Wednesday, October 9, 2013

true crime

Have just finished reading John Safran's Murder in Mississippi, a 'true crime' story. In a gumshoe kind of way Safran went here and there, spoke to this person and that but, unlike a novel, the 'crime' is not 'solved'.

As in a crime novel, place is a character, so in that sense it provides an interesting portrait of Mississippi today.
It has been suggested elsewhere that the "left" is full of groups with diverse ideas or obsessions: because those on the left struggle to present a united front they struggle, collectively, to match conservatism's "power".
The satisfying thing about Safran's portrait of Mississippi is reading about just how piddly and divided various white supremacist groups are.
What they seem to have in common is that their ideas are vague references to how things once were rather than how they might be.

It's very easy to idealise the past, and to forget that in many respects life improves when we are prepared to change. But change to what?

Howard was happy to rabbit on about the ANZAC spirit, or the achievements of Don Bradman. What had he to say about the future rather than that it should ensure there is no change in the future.?


Perhaps all of our politicians should be forced to wear corporate logos on their parliamentary clobber,
so we could identify the names of their real sponsors

The most significant trend we are seeing now in politics is a shift to corporatism. Corporatism is not 'justified' as a way of achieving some vision for the future but as something economically necessary that must be instantly effected without any thought to the future. All we have to measure its desirability is  some vague suggestion the consequences and benefits are self-evident.


Plans for building infrastructure are increasingly piecemeal and reactionary. We are given limited and often only undesirable choices, then told we can only have one or two. When we do choose from this restricted set of options, we are then told we made the wrong choice, and ignored.

The new freeway link in Melbourne is an example of something that advantages certain corporations. Now Victoria's government is talking up plans of building a new super suburb near Werribee – way across the other side of the universe from the new, "vital" freeway extension. Again, the need to plan for improvements of public transport are dismissed on the grounds we can only afford limited amounts of infrastructure. With the focus on creating a super suburb in the west without addressing the need for public transport, we are seeing plans that can only lead to the marginalisation of yet another suburb full of people.

There is a tragic similarity between this and the way Joe Bageant described the evolution of 'redneck' culture in the U.S. where once self-sufficient farming communities have been disenfranchised, and the way Safran describes exactly the same thing happening in the Mississipi Delta – an area occupied predominantly by African Americans.


It is often claimed that Australia's primary value is encapsulated by the phrase "a fair go". Perhaps this could be interpreted to mean any of a dozen ideas, but I am tempted to try and define it as a spirit of "inclusiveness".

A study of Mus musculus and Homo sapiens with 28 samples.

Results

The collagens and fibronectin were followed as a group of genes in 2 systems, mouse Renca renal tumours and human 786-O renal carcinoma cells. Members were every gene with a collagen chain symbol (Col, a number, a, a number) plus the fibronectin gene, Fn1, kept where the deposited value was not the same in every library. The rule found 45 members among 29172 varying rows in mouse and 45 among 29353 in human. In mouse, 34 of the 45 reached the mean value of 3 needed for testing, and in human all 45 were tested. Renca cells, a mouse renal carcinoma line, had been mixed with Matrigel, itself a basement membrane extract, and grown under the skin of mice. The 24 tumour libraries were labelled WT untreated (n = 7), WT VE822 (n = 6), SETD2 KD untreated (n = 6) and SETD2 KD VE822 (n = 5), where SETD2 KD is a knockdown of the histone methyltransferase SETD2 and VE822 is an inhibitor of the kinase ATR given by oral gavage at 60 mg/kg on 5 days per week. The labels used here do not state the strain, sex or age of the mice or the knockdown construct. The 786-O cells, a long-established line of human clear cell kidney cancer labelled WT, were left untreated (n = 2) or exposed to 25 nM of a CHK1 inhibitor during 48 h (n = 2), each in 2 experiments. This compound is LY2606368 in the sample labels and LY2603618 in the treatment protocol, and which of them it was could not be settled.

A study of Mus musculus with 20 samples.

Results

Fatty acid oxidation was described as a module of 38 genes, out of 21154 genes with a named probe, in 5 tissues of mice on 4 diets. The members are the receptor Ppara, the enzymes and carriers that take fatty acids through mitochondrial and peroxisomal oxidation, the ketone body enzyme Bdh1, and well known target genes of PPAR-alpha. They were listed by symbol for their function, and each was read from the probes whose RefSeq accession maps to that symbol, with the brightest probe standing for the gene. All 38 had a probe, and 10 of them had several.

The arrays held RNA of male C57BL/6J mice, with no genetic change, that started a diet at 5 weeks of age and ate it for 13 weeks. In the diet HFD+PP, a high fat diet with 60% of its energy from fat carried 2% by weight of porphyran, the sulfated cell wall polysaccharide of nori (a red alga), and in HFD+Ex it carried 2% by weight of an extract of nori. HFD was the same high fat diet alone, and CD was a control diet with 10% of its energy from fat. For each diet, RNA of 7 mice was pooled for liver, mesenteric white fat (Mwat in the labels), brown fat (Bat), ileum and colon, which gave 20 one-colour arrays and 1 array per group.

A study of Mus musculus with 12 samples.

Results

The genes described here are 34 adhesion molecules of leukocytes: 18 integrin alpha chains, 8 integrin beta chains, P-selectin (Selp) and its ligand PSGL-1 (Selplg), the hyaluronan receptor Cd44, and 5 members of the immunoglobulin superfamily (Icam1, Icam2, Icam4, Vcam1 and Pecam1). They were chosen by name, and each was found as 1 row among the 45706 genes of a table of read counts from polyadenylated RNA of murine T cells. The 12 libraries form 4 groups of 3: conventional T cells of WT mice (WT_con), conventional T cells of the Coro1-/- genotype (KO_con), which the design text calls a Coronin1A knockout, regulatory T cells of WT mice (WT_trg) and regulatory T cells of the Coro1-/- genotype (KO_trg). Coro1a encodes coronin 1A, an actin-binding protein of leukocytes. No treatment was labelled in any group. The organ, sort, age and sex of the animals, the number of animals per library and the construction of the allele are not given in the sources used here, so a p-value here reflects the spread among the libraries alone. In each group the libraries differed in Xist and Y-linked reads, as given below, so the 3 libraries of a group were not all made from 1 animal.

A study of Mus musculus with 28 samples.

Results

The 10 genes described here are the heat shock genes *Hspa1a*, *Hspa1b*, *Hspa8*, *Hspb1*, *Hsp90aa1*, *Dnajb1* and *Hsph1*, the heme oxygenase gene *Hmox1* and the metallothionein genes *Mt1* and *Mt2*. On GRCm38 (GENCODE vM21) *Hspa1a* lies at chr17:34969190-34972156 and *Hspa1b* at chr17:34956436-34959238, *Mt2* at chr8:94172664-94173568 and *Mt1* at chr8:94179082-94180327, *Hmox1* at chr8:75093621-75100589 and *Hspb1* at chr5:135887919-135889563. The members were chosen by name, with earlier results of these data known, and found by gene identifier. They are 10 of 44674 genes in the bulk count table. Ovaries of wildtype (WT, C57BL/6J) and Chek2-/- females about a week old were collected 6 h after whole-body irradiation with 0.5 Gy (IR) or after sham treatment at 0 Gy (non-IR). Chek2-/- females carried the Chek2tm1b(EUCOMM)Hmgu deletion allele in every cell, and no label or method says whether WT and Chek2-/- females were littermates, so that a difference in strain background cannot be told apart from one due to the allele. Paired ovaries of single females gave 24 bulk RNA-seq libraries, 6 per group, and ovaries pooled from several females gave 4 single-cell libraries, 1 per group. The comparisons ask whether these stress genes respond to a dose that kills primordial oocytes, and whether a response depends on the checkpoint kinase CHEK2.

If I rail against the values of a limited number of refugee groups, it is because their unwillingness to assimilate is characterised by a rejection of inclusiveness.

The English class system was once quite rigid and classes within that system were defined by their source of income – old money, new money, the professional classes etc – the less rigid system that evolved in Australia did not define people by their source of income but rather by a sense of inclusiveness.

There will always be people who choose to marginalise themselves or feel alienated from society, but the growth of class divides is exacerbated by the willingness of our governments to marginalise people through poor planning: through planning, for example, that alienates suburbs full of people by denying them transport or the means to move freely.
Someone recently posted a YouTube clip of Bill Maher – an American pundit I rather like – who explained the difference between USian Democrats and Republicans in terms of the difference between gridiron and baseball - both run on different economic models.
Those who support losing [poor, community style] baseball teams, he says, stop going to games early in the season if their team has no hope of winning.

"If you are not IN the game you become indifferent to the fate of the game, and maybe even get bitter".

Australia is fast becoming a country where people are excluded from the game by poor planning, and transparent rationalisations of corporatism. Our values seem to be shifting from a nation built on inclusiveness to a nation dependent on divisiveness.

Am I simply romanticizing a past which was largely unsatisfactory and is today unworkable? I don't know. Perhaps we never did value inclusiveness at all - but its share price is definitely plummeting.


  1. I think some areas, especially but not only in the west of Melbourne will end up very badly. Monster houses on tiny blocks of land, expensive to heat and cool, little public transport, no sense of community and what happens when this generation have finished with this poor quality housing? They become unsaleable.

    1. McMansions are an excellent example, Andrew. Within them, even family members are alienated from each other because they all have their own "spaces" where they don't have to interact with each other. It's quite weird.

      How many decades have we been hearing predictions that one day everyone will be able to work from home [via internet] and not even need to commute?